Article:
Drewryville man gets six years in prison in drunken-driving deaths

Published 10:35 am Friday, August 10, 2012


SUFFOLK—A Drewryville man will spend six years in prison for a drunken-driving wreck that killed his fiancée and a friend.

Cornell A. Richardson, 42, crashed his car on Holland Road while fleeing from police in the early morning of July 9, 2011. Richardson had been pulled over for speeding and initially stopped, but pulled away as the officer approached the 1992 Toyota he was driving.

His fiancée, Keiska Thornhill, 36, of Franklin died at the scene. A friend, Laverne Samala Crowell, 36, of Newport News, died five days later.

On the witness stand during sentencing on Thursday, Richardson said he suffers from post-traumatic stress disorder as a result of his Army service during Desert Shield and Desert Storm. He also lost a 16-year-old son to a heart attack in April 2011.

Richardson agreed to a statement by his defense attorney, Lindsay McCaslin, that the night of the wreck was “the worst night of his life,” although he doesn’t remember it well.

“When I woke up, I was in intensive care,” he said.

McCaslin speculated that Richardson ran from the traffic stop because there was cocaine in the vehicle, though none was found in his system.

He apologized to the families of his victims just before Judge Rodham T. Delk Jr. pronounced the sentence. He also wrote an apologetic letter to his fiancé’s mother soon after the wreck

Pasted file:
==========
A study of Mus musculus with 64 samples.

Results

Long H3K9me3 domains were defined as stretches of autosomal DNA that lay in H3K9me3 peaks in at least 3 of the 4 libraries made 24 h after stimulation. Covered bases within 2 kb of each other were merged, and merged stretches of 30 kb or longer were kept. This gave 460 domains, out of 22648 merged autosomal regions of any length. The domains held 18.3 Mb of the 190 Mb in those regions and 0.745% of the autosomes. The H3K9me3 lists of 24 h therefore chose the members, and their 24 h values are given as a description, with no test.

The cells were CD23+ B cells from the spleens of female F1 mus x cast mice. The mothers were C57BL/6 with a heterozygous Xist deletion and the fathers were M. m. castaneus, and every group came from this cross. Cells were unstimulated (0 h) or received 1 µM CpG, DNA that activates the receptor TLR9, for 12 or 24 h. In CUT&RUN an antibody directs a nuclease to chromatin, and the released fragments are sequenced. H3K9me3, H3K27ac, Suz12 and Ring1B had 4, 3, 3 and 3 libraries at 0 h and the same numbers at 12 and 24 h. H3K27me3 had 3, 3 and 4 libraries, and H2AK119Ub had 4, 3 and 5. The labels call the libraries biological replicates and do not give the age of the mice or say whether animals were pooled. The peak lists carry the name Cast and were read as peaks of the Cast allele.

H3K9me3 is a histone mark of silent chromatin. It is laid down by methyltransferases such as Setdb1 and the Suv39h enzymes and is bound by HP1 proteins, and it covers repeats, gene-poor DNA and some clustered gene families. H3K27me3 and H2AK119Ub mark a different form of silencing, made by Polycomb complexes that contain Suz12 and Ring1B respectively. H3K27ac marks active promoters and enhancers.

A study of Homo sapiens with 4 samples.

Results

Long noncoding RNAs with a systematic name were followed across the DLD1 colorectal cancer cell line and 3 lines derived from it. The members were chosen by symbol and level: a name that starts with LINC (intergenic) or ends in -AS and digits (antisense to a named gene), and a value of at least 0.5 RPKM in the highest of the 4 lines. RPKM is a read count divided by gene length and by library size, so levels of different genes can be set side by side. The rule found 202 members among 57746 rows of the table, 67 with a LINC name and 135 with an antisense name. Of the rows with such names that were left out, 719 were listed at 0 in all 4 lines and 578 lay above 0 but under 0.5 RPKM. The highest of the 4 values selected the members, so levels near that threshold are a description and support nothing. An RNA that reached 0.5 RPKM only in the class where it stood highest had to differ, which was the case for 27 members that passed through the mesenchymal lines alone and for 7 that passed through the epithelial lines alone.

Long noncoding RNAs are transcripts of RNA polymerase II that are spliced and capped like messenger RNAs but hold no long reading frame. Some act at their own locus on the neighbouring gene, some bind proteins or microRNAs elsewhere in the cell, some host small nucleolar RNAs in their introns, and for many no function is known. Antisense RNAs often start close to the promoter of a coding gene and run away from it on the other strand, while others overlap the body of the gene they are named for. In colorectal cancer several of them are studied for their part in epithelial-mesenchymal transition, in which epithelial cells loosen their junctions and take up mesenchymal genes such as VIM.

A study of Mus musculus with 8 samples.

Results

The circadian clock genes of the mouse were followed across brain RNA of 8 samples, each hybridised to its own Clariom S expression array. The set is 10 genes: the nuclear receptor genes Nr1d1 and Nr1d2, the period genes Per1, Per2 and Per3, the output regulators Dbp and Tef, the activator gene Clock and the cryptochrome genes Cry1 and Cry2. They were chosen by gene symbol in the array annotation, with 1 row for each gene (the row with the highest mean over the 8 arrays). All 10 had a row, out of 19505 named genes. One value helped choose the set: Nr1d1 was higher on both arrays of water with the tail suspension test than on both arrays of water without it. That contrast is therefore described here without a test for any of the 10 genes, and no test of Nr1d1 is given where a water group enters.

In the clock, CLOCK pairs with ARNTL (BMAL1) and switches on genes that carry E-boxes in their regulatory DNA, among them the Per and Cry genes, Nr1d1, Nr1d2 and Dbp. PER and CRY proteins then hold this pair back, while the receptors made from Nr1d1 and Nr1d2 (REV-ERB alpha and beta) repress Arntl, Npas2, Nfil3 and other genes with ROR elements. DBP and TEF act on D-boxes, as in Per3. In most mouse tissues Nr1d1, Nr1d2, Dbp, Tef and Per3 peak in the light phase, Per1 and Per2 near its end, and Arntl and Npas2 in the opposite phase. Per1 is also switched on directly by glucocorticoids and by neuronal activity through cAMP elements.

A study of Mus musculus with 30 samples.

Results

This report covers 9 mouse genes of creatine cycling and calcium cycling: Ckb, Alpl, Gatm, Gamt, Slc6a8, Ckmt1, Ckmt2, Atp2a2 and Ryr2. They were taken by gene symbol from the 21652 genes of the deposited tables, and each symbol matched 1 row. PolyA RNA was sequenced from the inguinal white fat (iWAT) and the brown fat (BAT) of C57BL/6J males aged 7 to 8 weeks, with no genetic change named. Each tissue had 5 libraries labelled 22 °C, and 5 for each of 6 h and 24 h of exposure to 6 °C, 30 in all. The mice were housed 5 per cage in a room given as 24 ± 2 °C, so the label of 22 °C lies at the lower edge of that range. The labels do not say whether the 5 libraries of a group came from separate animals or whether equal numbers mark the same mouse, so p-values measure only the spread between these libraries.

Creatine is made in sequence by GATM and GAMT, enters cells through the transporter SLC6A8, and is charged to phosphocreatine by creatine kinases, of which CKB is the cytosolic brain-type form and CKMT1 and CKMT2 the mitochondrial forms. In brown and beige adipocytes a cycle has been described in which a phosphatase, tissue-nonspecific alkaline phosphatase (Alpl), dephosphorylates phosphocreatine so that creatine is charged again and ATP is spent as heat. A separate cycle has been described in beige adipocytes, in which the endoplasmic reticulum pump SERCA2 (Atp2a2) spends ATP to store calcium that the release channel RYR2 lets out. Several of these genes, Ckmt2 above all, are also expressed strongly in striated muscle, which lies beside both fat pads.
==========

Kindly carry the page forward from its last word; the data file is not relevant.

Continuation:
“He took responsibility for everything,” McCaslin said. “It was a series of really bad decisions. We’re judging him on the worst decisions he’s ever made in his life.”

Prosecutor George Bruch said everything about the case is tragic. Even worse, he said, the police were not even pursuing Richardson because of a department policy that prohibits high-speed chases for simple crimes like traffic offenses.

“What he was running from was not pursuing him,” Bruch said. “He wasn’t being chased. He wasn’t going to get caught.”

Delk said military service does not excuse criminal conduct.

“You left two mothers without daughters and five children without their mothers,” Delk said. “No amount of imprisonment is going to repair that.”

The families of both victims also filed civil suits against Richardson. One has been settled; the other is set for trial in November.